Consent Day draws crowd with tees, games
By Andrew Wells, The Dartmouth Staff
Published on Tuesday, August 19, 2008
High school sexual education teachers may tell their students to wear a condom and ask for consent before sex, but likely do not use teaching methods like "Pin the Clit on the Vulva" and a condom balloon toss -- both of which were featured at this year's annual Consent Day, held in Collis Common Ground on Friday.
The event, which was relocated from Massachusetts Row due to impending rain, is meant to spread campus awareness of issues surrounding consensual sex, according to Xenia Markowitt, director of the Center for Women and Gender Studies.
"Consent is an important topic to address for Dartmouth students, as well as anyone else, because there is a pandemic of sexual violence all over the world," Markowitt said.
The CWG organized the two-hour event, which featured booths and activities run by various College and community organizations. Most stalls included interactive contests in which students could earn a sticker for participation. This year, Consent Day attendees were required to complete at least five of these activities and sign a sexual consent pledge in order to receive a teal T-shirt reading "Consensual sex is hot."
"In the past, all you had to do was sign a pledge to get a T-shirt," Elizabeth Bruyere '10 said. "Now you have to go to a lot of events, and so you are learning about consensual sex in the process."
Bruyere volunteered at a booth sponsored by Delta Delta Delta sorority and Sigma Nu fraternity at which students who correctly answered a question about consensual sex were allowed to throw a pie at a member of Sig Nu.
Each event was designed to educate students about the role of consent and sexual activity. "Consensual Twister," sponsored by Alpha Xi Delta sorority and the Afro-American Society, asked participants to identify whether consent had been provided in different scenarios. Before participating in the "Condom Dart Throw," students had to respond to true or false questions on topics ranging from the frequency with which males contemplate sex to the sexual habits of rats. The event was sponsored by Kappa Delta Epsilon sorority and DartHeart Inc., a non-profit organization that provides guidance for students with post-traumatic stress.
"I think it is a really effective way to get the information out there," Sarah Wengert '10, a member of the Consent Day committee and a sexual abuse peer advisor, said of the event. "[Consent Day] is a lot of fun, but it is also a lot of info."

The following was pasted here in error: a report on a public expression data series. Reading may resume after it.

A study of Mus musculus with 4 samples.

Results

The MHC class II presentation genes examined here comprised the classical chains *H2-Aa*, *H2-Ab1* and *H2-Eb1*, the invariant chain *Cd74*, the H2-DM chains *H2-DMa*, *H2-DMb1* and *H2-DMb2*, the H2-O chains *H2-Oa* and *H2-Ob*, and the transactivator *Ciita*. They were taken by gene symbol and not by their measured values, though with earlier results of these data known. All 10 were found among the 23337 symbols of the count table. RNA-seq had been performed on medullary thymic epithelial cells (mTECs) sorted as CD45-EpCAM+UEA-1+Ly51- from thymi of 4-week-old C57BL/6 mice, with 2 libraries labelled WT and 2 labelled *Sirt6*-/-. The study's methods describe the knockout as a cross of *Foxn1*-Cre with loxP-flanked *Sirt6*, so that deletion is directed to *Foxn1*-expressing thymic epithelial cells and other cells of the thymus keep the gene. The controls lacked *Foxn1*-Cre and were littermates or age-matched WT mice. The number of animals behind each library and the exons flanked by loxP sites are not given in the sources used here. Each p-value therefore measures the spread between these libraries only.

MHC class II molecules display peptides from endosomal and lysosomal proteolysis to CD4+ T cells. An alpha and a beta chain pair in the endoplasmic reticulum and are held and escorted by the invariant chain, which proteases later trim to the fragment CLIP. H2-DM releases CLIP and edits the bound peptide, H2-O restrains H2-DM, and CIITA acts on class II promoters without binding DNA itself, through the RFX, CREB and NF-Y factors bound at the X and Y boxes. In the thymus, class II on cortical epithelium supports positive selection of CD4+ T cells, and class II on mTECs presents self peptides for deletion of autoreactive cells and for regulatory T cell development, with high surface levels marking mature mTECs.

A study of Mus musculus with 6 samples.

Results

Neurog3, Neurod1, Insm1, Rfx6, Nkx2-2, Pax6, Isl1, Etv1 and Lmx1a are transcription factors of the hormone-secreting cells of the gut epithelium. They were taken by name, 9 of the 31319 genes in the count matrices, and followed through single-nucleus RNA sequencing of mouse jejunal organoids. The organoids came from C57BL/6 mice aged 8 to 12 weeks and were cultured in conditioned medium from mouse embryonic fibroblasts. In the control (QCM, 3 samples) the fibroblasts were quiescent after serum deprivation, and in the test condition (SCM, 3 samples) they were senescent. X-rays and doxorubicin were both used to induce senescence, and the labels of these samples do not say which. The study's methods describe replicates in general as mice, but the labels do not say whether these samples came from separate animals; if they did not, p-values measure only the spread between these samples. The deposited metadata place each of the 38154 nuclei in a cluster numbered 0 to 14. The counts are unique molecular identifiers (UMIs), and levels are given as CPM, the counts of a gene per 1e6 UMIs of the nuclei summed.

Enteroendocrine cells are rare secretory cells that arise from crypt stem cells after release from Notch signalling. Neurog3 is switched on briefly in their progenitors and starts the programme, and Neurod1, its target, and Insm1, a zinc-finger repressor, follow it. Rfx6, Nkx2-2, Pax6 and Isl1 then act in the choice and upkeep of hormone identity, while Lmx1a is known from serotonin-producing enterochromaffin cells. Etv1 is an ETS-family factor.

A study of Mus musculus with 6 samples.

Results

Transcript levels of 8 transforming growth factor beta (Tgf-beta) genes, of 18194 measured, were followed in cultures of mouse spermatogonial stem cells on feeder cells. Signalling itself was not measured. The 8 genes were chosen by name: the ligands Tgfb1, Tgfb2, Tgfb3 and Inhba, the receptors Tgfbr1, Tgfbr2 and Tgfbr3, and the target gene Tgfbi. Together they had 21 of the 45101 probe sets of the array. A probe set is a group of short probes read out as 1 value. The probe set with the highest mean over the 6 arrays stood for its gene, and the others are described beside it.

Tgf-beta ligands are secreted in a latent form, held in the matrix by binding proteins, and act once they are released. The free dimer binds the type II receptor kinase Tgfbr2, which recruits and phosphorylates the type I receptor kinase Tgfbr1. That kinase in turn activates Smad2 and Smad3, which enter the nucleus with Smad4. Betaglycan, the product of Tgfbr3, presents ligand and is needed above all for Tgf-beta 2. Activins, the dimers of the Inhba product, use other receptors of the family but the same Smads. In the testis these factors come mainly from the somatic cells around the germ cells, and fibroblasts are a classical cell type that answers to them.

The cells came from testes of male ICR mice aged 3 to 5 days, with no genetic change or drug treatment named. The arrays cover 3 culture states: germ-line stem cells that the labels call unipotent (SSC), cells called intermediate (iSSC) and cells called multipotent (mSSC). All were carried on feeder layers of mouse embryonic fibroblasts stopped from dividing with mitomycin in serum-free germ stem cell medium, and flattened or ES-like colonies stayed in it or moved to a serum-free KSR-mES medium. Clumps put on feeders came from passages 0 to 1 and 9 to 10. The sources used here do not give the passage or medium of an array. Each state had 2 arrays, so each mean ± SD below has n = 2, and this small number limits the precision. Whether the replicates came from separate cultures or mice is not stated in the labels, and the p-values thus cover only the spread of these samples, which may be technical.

Some activities turned out to be too ambitious for the fast-paced event and had to be restructured. Epsilon Kappa Theta sorority's "Consensual Candyland" took too long to play, Janel diBiccari '10, the organizer of the game, said. DiBiccari said she believed the event's success was rooted in its interactive approach.
"When people just come and talk, it's not fun," diBiccari said. "This is something students want to do."
Although the main topic of the event was sexual consent, participating groups such as Planned Parenthood and Sexual Abuse Awareness Program also advocated safe sex practices. Michelle de Sousa, SAAP Coordinator and self-proclaimed "condom fairy," passed out multi-colored condoms with wings strapped to her back.
"I just want people to be able to have fun, be safe and get consent before putting one of these on," de Sousa said.
The event culminated with the students' pledge to respect consent, de Sousa said.
"The T-shirt table was where it all came together," she said. "[Students] got to sign the pledge, and it was obvious they understood what the day was all about."
Planning for the event was headed by de Sousa and Megan Fallon, assistant director of the CWG.
It was the students on the planning committee, however, who made the event run smoothly, de Sousa said.
"They really were the go-getters and all had a real passion behind the cause," she said. "It wouldn't have gone so well if we didn't have such a consistent turnout."
Local sexual resource groups, including "A Community Resource Network," an organization that assists those living with HIV/AIDS or hepatitis C, were also involved in the event.
"Right now, HIV is spreading rapidly among teenagers and young adults," Whitney Struse, director of client services at ACORN, said. "It is important to let students know that it could affect any of them."